Police investigating the deaths of a British man and his two children in a pool at a resort on the Costa Del Sol have said the case can be closed after concluding their initial report.
Gabriel Diya, 52, his daughter Comfort, nine, and his son Praise-Emmanuel, 16, drowned on Christmas Eve.
A police spokesman described it as a freak accident and put it down to a lack of swimming ability.
But Gabriel Diya’s wife, Olubunmi, wants the investigation to continue.
Police have handed the conclusions of their initial report to a Spanish magistrate and the findings will be made public soon, according to the BBC’s Europe reporter, Gavin Lee.
The spokesman said that, from what they have seen, there is no accountability on the part of the hotel.
However, police returned to the resort on Monday and were speaking to hotel staff.
The BBC has been told that they want to speak to more eyewitnesses.
Speaking to the BBC, Olubunmi’s lawyer, Javier Toro, questioned the thoroughness of the police investigation – and the recommendation it can be closed after one week.
He said he will insist that the investigation continues.
Mrs Diya has previously said that all three family members could swim and she believes there was a fault with the pool.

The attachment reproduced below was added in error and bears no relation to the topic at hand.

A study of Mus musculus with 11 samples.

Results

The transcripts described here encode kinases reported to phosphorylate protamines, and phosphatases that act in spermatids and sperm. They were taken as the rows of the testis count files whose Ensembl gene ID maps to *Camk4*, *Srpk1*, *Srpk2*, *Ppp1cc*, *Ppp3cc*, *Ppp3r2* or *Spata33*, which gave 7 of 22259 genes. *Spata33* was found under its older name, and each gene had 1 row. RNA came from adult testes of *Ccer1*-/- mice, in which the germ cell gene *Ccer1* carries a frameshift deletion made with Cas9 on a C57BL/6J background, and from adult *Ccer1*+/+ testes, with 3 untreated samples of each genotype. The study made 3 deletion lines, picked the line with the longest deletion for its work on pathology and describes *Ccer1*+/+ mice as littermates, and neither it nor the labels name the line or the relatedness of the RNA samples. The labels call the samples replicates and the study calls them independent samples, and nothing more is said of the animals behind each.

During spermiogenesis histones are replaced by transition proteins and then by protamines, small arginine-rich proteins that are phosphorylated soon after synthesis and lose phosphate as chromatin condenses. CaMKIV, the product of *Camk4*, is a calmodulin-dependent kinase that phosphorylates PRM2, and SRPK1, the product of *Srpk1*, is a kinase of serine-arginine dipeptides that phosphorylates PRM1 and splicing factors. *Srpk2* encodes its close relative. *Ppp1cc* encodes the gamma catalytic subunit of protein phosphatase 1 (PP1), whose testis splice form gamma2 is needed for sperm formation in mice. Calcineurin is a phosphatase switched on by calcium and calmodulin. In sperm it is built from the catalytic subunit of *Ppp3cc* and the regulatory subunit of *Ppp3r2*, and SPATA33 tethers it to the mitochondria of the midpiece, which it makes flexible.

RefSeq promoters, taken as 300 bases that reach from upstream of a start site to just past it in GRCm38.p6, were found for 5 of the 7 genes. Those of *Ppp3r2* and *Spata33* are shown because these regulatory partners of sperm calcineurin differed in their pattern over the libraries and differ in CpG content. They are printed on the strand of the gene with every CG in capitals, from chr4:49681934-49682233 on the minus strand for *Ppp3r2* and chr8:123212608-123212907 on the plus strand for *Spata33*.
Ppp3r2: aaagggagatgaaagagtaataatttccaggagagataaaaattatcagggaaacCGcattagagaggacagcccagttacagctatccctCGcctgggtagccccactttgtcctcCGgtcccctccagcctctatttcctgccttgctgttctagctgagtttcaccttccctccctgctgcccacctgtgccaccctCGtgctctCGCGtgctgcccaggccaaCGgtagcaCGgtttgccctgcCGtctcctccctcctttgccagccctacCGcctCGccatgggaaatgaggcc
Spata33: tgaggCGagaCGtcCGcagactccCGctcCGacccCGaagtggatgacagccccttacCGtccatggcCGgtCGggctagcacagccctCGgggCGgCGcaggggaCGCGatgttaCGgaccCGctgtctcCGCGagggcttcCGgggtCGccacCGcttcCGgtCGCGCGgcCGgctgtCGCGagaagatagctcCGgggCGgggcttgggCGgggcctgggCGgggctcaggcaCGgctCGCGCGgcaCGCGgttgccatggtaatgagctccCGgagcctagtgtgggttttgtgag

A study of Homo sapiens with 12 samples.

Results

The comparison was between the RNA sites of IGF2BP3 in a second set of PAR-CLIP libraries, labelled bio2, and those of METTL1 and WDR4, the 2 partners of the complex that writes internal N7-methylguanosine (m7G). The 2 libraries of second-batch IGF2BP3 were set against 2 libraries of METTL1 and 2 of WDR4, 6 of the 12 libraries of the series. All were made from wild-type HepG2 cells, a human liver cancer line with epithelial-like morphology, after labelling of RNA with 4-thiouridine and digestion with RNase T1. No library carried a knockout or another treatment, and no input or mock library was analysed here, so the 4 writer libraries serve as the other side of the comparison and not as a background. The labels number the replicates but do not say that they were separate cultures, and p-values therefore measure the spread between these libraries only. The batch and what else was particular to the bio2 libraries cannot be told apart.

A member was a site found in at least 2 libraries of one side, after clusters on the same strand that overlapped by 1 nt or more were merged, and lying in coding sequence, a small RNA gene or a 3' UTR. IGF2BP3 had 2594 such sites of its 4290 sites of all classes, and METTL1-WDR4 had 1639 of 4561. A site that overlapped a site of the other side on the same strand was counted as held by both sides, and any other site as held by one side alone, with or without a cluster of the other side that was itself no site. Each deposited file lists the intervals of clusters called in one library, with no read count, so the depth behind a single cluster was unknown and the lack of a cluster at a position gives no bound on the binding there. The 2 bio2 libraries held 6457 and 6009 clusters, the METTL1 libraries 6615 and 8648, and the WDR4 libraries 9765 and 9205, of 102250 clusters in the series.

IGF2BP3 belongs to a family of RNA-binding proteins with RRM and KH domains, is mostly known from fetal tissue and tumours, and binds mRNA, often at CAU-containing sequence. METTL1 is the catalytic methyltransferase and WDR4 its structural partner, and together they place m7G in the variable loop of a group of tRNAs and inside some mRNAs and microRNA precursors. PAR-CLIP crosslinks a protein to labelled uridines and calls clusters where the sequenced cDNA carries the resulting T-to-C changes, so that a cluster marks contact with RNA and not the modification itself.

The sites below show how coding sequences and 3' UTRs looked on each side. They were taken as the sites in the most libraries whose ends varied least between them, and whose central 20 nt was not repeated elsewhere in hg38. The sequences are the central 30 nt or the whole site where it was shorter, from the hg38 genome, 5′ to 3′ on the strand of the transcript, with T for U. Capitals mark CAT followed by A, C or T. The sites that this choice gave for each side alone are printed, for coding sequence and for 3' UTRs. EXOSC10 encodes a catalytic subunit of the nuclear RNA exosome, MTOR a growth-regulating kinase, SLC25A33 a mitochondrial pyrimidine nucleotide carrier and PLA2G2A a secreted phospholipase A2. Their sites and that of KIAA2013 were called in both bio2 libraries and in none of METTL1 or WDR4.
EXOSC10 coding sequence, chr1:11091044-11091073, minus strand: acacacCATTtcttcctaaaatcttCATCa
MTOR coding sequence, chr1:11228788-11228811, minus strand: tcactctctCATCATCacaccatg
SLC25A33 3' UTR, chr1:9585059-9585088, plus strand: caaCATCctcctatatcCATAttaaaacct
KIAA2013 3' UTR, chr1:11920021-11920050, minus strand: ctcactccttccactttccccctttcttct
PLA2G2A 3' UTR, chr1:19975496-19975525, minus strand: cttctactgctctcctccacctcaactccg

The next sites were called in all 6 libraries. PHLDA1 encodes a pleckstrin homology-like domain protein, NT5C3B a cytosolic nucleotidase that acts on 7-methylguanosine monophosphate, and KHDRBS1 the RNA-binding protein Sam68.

The police spokesman’s comments come after a statement issued on Saturday, which said the incident was a “tragic accident” caused by a “lack of expertise” in swimming.
They said divers retrieved Comfort’s swimming hat from the pool pump but investigators had found nothing wrong with the pool. An autopsy of the bodies found they died by drowning.
The hotel operator, Club La Costa World, has said Mrs Diya’s claims were “directly at odds with the findings of the police report” and “their exhaustive investigations have confirmed the pool was working normally and there was no malfunction of any kind”.
Mr Toro has previously told the BBC that many unanswered questions remained, including why no lifeguard was present at the time, which he claims could have saved the lives of the family.
He said the first responders to the scene were three cleaners who could not swim, and that they had to wait several minutes to get help.
Mr Toro said: “It’s very rare for three people to die in the centre of a swimming pool – especially in the case of a tall, hefty man.”
The family is “not satisfied with the interpretation of it being a simple accident”, he added.
“We do not discard the option of opening a parallel investigation through different engineers… to figure out what happened.”